While most people are aware of what alimony is, fewer may be aware of what palimony entails. Alimony and palimony are similar, but alimony is a court ordered payment that a spouse pays another spouse as part of a divorce settlement, whereas palimony is basically alimony that’s paid to a cohabiting partner when the relationship ends. It’s important to note, however, that in some states palimony is not recognized. Here’s a more in-depth look at alimony and palimony.
When judges determine alimony, they take into consideration a variety of different factors. Not only is the need of the requesting spouse taken into consideration, but the ability of the paying spouse to cover what the requesting spouse is asking for. These are key factors that will affect the judges decision:
- What financial resources are available to both spouses;
- The standard of living that both spouses had when living together;
- The length of the marriage;
- The earning potential, educational background, and skill-set of each spouse;
- The age of each spouse;
- The financial contribution of each spouse during the marriage;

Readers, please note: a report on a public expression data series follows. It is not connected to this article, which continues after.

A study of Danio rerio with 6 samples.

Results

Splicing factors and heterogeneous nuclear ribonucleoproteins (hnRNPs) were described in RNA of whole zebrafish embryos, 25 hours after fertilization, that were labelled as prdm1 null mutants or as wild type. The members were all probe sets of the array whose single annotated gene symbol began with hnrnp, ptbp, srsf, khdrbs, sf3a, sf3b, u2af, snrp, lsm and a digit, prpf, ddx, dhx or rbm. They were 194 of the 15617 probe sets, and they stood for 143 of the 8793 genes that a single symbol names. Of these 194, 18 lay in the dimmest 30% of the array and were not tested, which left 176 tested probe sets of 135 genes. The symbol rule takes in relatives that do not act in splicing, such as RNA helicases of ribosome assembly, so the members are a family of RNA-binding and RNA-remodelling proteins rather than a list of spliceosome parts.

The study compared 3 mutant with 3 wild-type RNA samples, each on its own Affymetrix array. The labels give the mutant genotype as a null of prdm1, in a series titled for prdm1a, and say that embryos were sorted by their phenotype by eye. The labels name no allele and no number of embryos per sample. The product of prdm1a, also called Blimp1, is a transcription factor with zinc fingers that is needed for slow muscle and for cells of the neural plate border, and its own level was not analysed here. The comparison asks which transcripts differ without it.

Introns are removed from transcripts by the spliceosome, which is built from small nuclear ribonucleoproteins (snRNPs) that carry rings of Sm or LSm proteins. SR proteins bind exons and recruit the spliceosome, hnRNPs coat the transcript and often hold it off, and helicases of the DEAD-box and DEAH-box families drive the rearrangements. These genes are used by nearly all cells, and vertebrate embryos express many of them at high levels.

- The physical and mental state of each spouse;
- How alimony will affect taxes.
There may be other relevant factors that the judge takes into consideration in order to make a fair alimony award. A good divorce lawyer will make sure all of these factors have evidence that supports your case.
Types of Alimony
Alimony does not always take the same form. Temporary alimony is required to help the requesting spouse during the divorce process. It doesn’t extend beyond the finalization of the divorce. Bridge the gap alimony is meant to help the requesting spouse meet more immediate needs while they look for a job or get back on their feet. This type of alimony can’t last longer than two years. Rehabilitative alimony is intended to last while the requesting spouse completes the education or training needed to support themselves, while durational alimony lasts for as long as the marriage did. Permanent periodic alimony is paid to a spouse whose economic situation is unlikely to change, in order to help them maintain a similar standard of living as when they were married. Lump sum alimony may be used to pay for any of the other types of alimony, but is paid as one lump sum at a single time.
Alimony can only be paid to legally married couples who have filed for divorce. Palimony can be awarded in instances of common law marriage, if the state recognizes this practice. Palimony will be determined in a similar way to alimony. If the state does not recognize palimony or common law marriages, a judge will still uphold a formal written agreement of support between two cohabiting partners. A cohabitation agreement can protect you if you’re not legally married but are dependent upon your cohabiting partner.